I don’t think that I’m going out on too much of a limb here to suggestion that Saudi Arabia is generally an intolerant country. Don’t get me wrong, I’ve met many Saudi people in my lifetime and they all proved to be exceptionally kind and warm and friendly to me and I myself would like to even one day visit Saudi Arabia. But when it comes to social issues in the Kingdom, the country itself gets a big fat ZERO on the tolerance scale.
Now, perhaps this sort of commentary on a tattoo blog seems out of place to you. I disagree (obviously) for one simple reason: tattoos are entirely about tolerance – the need for tolerance or the ability to tolerate. If you are tattooed, you want to know that where you are in the world is going to treat you with the same respect that a non tattooed person would expect and receive. Well, I don’t think that Saudi Arabia is a place where the tattooed can expect to be treated justly.
The most recent bit of news to surface from Saudi Arabia regarding tattoos is that The Commission for Promotion of Virtue and Prevention of Vice (commonly referred to as the religious police), in the Saudi capital city of Riyadh, has urged the General Youth Welfare Presidency to force foreign soccer players in the country to cover any and all tattoos that they may have. The religious police believe that this is necessary to prevent Saudi youths from attempting to imitate their tattooed soccer heroes.
‘In the directive sent to the undersecretary of the presidency, the commission drew attention to the fact that the media carried recently the photo of the Colombian player with a tattooed arm. It is noteworthy that the commission had intervened following a media outcry after noticing wearing of cross by a Romanian professional of Al Hilal Club last year.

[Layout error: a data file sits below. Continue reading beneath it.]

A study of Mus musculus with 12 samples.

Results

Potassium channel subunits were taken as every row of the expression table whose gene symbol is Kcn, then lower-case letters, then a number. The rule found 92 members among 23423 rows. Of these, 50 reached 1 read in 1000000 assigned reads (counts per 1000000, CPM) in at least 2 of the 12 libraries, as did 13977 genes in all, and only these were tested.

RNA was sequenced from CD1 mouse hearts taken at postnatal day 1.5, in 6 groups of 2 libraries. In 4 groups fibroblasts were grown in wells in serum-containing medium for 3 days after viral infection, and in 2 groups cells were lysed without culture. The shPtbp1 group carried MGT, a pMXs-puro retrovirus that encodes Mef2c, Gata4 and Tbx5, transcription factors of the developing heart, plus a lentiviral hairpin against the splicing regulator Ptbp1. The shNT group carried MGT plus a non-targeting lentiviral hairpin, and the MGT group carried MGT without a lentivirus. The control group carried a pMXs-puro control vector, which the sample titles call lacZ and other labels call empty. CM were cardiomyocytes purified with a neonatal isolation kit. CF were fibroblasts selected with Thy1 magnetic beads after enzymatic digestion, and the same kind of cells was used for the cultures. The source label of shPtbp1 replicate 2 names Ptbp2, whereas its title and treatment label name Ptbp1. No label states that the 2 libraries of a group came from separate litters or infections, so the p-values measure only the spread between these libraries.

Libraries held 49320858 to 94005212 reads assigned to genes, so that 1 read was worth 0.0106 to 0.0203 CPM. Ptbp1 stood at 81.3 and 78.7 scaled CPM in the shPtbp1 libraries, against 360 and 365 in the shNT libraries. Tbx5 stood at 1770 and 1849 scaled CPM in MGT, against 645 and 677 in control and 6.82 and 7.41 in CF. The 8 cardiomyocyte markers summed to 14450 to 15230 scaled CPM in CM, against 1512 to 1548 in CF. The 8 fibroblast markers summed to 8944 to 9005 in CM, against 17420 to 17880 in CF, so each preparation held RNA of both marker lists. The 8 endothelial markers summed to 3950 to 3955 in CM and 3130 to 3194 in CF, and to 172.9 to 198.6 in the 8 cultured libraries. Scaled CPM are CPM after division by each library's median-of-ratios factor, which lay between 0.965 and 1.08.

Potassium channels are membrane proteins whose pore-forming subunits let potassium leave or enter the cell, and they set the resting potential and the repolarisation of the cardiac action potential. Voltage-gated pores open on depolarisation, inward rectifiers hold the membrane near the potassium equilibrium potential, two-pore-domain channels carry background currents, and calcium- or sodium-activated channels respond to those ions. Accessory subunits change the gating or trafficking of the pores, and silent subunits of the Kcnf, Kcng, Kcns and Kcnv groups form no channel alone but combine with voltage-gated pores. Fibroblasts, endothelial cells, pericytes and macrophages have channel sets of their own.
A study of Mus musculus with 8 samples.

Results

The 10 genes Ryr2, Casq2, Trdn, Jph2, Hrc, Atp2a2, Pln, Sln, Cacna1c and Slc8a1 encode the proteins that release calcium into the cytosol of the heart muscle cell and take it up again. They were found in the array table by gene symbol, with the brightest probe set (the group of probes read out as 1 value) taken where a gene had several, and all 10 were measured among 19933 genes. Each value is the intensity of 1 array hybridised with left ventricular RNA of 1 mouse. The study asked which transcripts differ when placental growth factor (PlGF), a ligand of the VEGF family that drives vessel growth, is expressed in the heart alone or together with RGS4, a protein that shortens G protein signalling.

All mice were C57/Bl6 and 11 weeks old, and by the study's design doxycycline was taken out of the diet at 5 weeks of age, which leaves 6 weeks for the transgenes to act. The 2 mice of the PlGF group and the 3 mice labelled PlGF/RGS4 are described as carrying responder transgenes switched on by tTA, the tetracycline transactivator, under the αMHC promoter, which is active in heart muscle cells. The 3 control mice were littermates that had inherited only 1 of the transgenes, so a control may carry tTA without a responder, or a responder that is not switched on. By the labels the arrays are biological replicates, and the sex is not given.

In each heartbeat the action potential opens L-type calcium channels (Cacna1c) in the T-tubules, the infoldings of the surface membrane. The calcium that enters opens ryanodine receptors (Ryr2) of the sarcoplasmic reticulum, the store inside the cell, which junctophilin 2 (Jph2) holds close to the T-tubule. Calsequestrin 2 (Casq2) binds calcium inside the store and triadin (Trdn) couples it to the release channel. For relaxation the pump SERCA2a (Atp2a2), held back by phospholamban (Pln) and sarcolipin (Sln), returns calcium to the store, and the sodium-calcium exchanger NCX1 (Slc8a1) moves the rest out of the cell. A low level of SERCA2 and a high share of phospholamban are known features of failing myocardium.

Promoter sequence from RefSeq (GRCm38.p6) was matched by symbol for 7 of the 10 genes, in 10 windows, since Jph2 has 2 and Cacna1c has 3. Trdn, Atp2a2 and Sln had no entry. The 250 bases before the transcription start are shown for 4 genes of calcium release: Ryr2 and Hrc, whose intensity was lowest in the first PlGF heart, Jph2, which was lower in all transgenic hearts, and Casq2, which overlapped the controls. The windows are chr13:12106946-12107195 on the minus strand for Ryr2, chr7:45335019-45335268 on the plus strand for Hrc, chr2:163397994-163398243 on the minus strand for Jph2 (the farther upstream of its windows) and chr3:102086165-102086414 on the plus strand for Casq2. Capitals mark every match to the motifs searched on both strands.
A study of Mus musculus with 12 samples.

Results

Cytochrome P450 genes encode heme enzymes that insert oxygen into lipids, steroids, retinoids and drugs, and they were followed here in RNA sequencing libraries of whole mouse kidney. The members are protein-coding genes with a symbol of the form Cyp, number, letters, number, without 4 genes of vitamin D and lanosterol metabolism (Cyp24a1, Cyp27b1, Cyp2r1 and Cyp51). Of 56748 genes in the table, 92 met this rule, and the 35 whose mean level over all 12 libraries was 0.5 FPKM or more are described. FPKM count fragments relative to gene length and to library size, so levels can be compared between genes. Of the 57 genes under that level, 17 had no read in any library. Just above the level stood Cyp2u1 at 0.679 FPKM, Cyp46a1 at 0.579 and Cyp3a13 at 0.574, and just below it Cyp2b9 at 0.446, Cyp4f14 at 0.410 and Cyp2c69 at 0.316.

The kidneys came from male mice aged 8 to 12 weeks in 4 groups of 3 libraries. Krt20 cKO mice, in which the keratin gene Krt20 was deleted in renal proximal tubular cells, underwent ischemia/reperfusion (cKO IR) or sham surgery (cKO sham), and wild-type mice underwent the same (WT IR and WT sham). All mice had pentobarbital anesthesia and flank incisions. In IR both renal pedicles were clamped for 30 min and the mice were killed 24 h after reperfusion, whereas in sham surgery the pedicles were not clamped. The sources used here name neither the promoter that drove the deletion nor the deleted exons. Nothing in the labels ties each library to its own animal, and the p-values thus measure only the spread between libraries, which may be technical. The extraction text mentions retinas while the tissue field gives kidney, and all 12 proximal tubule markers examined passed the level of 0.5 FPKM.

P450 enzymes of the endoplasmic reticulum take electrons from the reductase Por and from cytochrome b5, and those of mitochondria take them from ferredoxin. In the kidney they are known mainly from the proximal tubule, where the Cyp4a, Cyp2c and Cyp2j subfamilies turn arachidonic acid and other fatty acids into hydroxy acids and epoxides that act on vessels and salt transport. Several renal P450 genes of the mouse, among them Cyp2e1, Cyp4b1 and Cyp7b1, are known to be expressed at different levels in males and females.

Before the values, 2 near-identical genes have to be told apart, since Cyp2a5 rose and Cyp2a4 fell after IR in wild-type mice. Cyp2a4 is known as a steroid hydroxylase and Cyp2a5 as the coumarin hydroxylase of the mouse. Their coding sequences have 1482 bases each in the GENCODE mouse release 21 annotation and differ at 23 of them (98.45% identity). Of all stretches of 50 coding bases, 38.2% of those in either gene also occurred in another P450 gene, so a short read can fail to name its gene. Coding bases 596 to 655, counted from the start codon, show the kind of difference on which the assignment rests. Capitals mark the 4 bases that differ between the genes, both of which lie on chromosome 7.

Subsequently, Faisal Abdul Hadi, secretary general of Saudi Football Federation, sent a circular to all clubs asking them to advise their professionals and players to respect Saudi traditions and not show their religious symbols in a way disregarding Saudi customs and traditions.’
Now, I don’t want to stir the pot too much on this issue, but first and foremost, I would hope that the Saudi government does not force foreign soccer players to cover their tattoos. If they do implement this law, then I would hope that foreign soccer players would cease signing with Saudi clubs in protest of such a ridiculous law. Second, I find it more than a little hypocritical that major controversies have arisen in the past few years in Europe and elsewhere over issues like in France where the wearing of veils by Muslim women is banned, only to receive a great deal of flack. After all, veil wearing is not in line with French customs and traditions, so why should the French be asked to comply with it? I personally think that anyone should be able to wear what they wish and express themselves how they wish, but this has to go both ways. Hopefully the ridiculousness of all this type of stuff will one day disappear and visible tattoos in Saudi Arabia will be as common as visible veils in France.